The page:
This is the core curriculum statement produced by the Royal College of General Practitioners (RCGP) which defines the learning outcomes for the specialty of general practice and describes the competences you require to practise medicine as a general practitioner in the National Health Service (NHS) of the United Kingdom.

Primarily aimed at the start of independent work as a general practitioner, it must also prepare the doctor beyond the training period and provide support for a professional life of development and change.

Introduction to the RCGP curriculum

The role of a modern GP is varied and challenging – it includes diagnosing a wide range of undifferentiated health problems, treating illness in community and home settings, responding to risk safely and effectively, managing long-term conditions and coordinating care with a range of carers, specialists, providers and other professionals.

As a GP, you must care for an increasingly complex population living with multiple health conditions and taking numerous medications, while being responsive to the changing demographics of the increasingly multi-cultural UK population and NHS workforce. You must also play a role in preventing disease and building health resilience, promoting health literacy and encouraging self-sufficiency in their local populations. As a personal and family practitioner, you must learn to apply a holistic knowledge of the patient and community when engaged in practical care planning through person-centred approaches, such as shared decision-making. In addition, you must work effectively within and between multi-disciplinary services, coordinating and leading care across organisational boundaries and using resources cost-effectively.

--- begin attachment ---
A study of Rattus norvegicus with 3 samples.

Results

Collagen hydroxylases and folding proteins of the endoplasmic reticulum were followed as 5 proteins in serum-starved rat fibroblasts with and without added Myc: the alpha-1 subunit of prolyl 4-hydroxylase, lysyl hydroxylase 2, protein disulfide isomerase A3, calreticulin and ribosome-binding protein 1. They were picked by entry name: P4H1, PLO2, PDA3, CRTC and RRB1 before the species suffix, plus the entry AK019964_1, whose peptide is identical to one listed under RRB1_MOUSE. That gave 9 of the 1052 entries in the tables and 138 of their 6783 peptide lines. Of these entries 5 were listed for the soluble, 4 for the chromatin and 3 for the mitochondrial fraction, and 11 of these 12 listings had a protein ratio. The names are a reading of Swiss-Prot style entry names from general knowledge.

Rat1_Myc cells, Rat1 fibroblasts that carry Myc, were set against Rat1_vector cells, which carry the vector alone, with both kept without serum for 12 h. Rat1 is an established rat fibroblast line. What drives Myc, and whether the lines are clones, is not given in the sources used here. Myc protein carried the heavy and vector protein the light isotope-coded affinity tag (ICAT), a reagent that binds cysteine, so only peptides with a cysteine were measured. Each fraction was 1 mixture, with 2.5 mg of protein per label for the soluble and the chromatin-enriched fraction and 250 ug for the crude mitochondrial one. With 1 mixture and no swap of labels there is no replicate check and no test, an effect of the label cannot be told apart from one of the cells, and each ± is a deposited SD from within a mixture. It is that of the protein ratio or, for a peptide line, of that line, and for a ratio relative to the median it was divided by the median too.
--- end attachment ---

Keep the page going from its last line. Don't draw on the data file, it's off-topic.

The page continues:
This RCGP Curriculum describes the attitudes, skills and expertise required to become a competent General Practitioner in the UK National Health Service. It describes the educational framework that forms the basis of GP specialty training and sets the foundation for career-long development.

How to learn general practice

The majority of your learning for general practice will occur in the workplace, both in general practice itself and in your hospital placements. A key element of professional behaviour requires you to reflect actively on your experiences ...


The curriculum is organised in sections. The first section is this core curriculum statement, Being a General Practitioner. This defines the five broad Areas of Capability on which the curriculum is based.


Competence and capability describe different aspects of your ability to perform safely, effectively and professionally in your professional role. There are many descriptions of competence and capability in the educational literature, but for the purposes of this curriculum we are using the following definitions:


The core competences in this document have been written as outcomes of training – in other words, a statement describing the knowledge, skills and behaviours that should be demonstrated by a GP on completion of training. Their wording has been standardised according to the following glossary.


Every core competence described in the curriculum is directly linked to one or more of the MRCGP assessments. You must pass these assessments to successfully complete GP specialty training and gain a Certificate of Completion of Training in General Practice (CCT).

Each core competence is also linked to one or more domains of the General Medical Council's Good Medical Practice, which is the framework used for career-long appraisal and revalidation.

These linkages are shown in the Core capabilities and competences section below.

Core capabilities and competences

In order to demonstrate your competence as a GP you will need to acquire knowledge, skills and professional attitudes in a number of areas.


This section provides suggestions for further reading and other resources to help you in your training, including books, journal articles and web resources.     


This section lists references which have been used in the development of the curriculum.